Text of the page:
Shallow Thoughts : : Nov

Akkana's Musings on Open Source Computing and Technology, Science, and Nature.

Wed, 24 Nov 2010

Article: Troubleshooting running processes, part I

How do you troubleshoot a process that's running away, sucking up too much CPU, or not doing anything at all? Today on Linux Planet: Troubleshooting Linux Servers: top and Other Basic System Tools.

This is part I, covering basics like top, strace and gdb. Part II will get into hairier stuff and tips for debugging Python applications.


Sun, 21 Nov 2010

Lunar Water Strip-Mines?

You may have seen the headlines a few weeks ago, when everyone was crowing "Water on the Moon!" after the LCROSS results were finally published. Turns out the moon is wetter than the Sahara (woo!) and all the news sites seemed excited about how we'd be using this for a lunar base. It only takes a ton of rock to get 11-12 gallons of water!

I wondered, am I the only one who thinks 12 gallons isn't very much? I couldn't help envisioning a tiny lunar base surrounded by acres of mine tailing devastation.

So I calculated how much rock it takes to make a ton (assuming basalt; lunar highland anorthosite would be a little less dense). Turns out it's not very much: a ton of basalt would make a cube about 8.6 feet on a side. So okay, I guess it would take quite a while to work up to those acres of devastation. It was an interesting calculation, anyway; rock is a lot less dense than I thought.

You can read the details in my SJAA Ephemeris column this month, Full of Moon.


Mon, 15 Nov 2010

More advanced GIMP tricks for cutting parts out of photos

[Butterfly in space, screenshot]

My previous Linux Planet article covered beginner tips for cutting foreground objects out of photographs. Part 2, from last week, covers some more flexible advanced techniques you'll want to use as your GIMP skills increase.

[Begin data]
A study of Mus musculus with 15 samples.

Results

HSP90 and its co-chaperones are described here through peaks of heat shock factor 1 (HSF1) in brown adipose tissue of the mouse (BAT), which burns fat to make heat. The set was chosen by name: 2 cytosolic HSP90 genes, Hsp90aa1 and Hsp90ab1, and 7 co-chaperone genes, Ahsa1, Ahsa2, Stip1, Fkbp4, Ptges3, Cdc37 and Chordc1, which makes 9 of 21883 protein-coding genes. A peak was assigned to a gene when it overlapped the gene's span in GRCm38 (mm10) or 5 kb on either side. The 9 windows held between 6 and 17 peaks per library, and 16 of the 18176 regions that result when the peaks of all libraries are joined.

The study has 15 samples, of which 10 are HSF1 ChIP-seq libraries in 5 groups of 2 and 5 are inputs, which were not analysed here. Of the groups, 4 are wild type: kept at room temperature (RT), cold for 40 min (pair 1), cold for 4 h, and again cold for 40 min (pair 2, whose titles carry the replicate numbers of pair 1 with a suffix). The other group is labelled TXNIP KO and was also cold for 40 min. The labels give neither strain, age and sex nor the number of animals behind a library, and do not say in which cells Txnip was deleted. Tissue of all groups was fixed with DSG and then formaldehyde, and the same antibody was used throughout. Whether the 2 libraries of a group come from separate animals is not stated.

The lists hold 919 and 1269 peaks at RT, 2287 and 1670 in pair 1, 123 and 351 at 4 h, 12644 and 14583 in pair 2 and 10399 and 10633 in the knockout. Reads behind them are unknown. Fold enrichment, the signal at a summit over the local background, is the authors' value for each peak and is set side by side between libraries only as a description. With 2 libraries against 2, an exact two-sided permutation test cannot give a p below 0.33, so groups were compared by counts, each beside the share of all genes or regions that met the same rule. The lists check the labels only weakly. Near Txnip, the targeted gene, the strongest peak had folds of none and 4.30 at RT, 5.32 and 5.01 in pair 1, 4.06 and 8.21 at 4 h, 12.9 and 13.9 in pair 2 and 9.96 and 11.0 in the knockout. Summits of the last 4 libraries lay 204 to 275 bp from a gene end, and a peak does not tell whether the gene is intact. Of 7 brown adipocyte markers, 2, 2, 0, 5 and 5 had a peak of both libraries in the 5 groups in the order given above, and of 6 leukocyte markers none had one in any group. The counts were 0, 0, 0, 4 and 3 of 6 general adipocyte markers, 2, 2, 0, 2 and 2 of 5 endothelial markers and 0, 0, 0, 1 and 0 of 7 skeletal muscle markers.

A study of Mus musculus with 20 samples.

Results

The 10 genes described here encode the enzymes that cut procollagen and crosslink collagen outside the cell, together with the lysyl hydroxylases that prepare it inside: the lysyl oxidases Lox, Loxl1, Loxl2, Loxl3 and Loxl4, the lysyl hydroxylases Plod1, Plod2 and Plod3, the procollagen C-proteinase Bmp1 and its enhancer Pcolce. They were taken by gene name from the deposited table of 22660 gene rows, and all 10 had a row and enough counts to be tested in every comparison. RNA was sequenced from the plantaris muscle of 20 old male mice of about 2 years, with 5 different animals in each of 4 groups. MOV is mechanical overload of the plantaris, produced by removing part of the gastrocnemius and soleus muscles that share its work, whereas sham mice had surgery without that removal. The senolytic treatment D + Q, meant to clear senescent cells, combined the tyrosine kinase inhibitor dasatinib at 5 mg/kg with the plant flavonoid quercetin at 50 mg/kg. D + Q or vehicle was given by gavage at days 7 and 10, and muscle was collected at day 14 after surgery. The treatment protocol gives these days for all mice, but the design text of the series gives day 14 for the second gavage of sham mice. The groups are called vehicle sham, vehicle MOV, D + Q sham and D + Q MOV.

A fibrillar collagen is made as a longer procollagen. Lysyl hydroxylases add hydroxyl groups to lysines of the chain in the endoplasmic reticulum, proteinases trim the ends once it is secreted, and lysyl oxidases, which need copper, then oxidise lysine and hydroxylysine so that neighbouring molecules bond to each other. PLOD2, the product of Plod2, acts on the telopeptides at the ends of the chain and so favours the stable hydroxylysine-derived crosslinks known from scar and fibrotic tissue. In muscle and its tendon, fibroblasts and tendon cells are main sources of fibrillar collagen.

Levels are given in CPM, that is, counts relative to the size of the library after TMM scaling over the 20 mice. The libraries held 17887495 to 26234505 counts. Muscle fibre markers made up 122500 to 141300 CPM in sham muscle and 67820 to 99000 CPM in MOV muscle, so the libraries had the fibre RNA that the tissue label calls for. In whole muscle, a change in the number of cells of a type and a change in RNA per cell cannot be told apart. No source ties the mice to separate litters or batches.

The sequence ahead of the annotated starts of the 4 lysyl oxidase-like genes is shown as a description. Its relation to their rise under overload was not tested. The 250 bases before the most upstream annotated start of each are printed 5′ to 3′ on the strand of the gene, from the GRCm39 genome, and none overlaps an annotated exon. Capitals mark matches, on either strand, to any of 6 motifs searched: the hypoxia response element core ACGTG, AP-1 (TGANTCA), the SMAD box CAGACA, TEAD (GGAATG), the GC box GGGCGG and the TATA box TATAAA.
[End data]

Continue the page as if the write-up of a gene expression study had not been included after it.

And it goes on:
Find out how to put a butterfly in space!

Read it here: More GIMP tricks for cutting objects of photos


Mon, 08 Nov 2010

No (live) tarantulas, but lots of woodpeckers

November is normally far too late for tarantulas to be on the move -- mid-October is their normal season around here. But a friend commented she'd seen some at Alum Rock last week, so over the weekend we hauled ourselves out there and went hunting.

And we saw tarantula sign -- unfortunately consisting of two dead tarantulas lying mangled on the trail. No live ones. It was an unseasonably warm day, so perhaps it was too hot and the spiders were still hiding in their holes.

[Acorn woodpecker] It was lovely walk nevertheless. We saw a six-point buck chasing a doe with two other does trailing behind him ... why were the does following? No idea, but the whole procession crashed around through the brush and eventually came out and crossed the trail right behind us. We gave them space -- you don't want to get too close to a buck during this season.

And the pecking was fierce over by the dead Eucalyptus above the end-of-the-road parking lot, where a large family of acorn woodpeckers were pecking and laughing chattering as they stored their acorns for the winter. We saw at least seven on the tree at once, though counting was tricky because birds kept flying off to find more acorns while other birds flew in.

Most of the ground squirrels have already retired for the cold season -- we only saw a few out, fattening up before hibernation -- but we heard quite a few invisible chipmunks giving their sonar-ping calls as we walked past.


Wed, 03 Nov 2010

Garmin GPX timestamp bizarreness

My last entry mentioned some work I'd done to one of my mapping programs, Ellie, to gather statistics from the track logs I get from my Garmin GPS.

In the course of working on Ellie, I discovered something phenomenally silly about the GPX files from my Garmin Vista CX, as uploaded with gpsbabel.

Track log points, quite reasonably, have time stamps in "Zulu time" (essentially the same as GMT, give or take some fraction of a second). They look like this:

<trkpt lat="35.289519913" lon="-115.227057561">

But the waypoints you set for specific points of interest, even if they're in the same GPX file, have timestamps that have no time zone at all. They look like this:

<wpt lat="35.334813371" lon="-115.178730609">
  <cmt>14-OCT-10 11:18:51AM</cmt>
  <desc>14-OCT-10 11:18:51AM</desc>
  <sym>Flag, Blue</sym>

Notice the waypoint's time isn't actually in a time field -- it's duplicated in two fields, cmt (comment) and desc (description). So it's not really intended to be a time stamp -- but it sure would be handy if you could use it as one.

You might be able to correlate waypoints with track points by comparing coordinates ... unless you spent more than an hour hanging around a particular location, or came back several hours later (perhaps starting and ending your hike at the same place). In that case ... you'd better know what the local time zone was, including daylight savings time.

What a silly omission, considering that the GPS obviously already knows the Zulu time and could just as easily use that!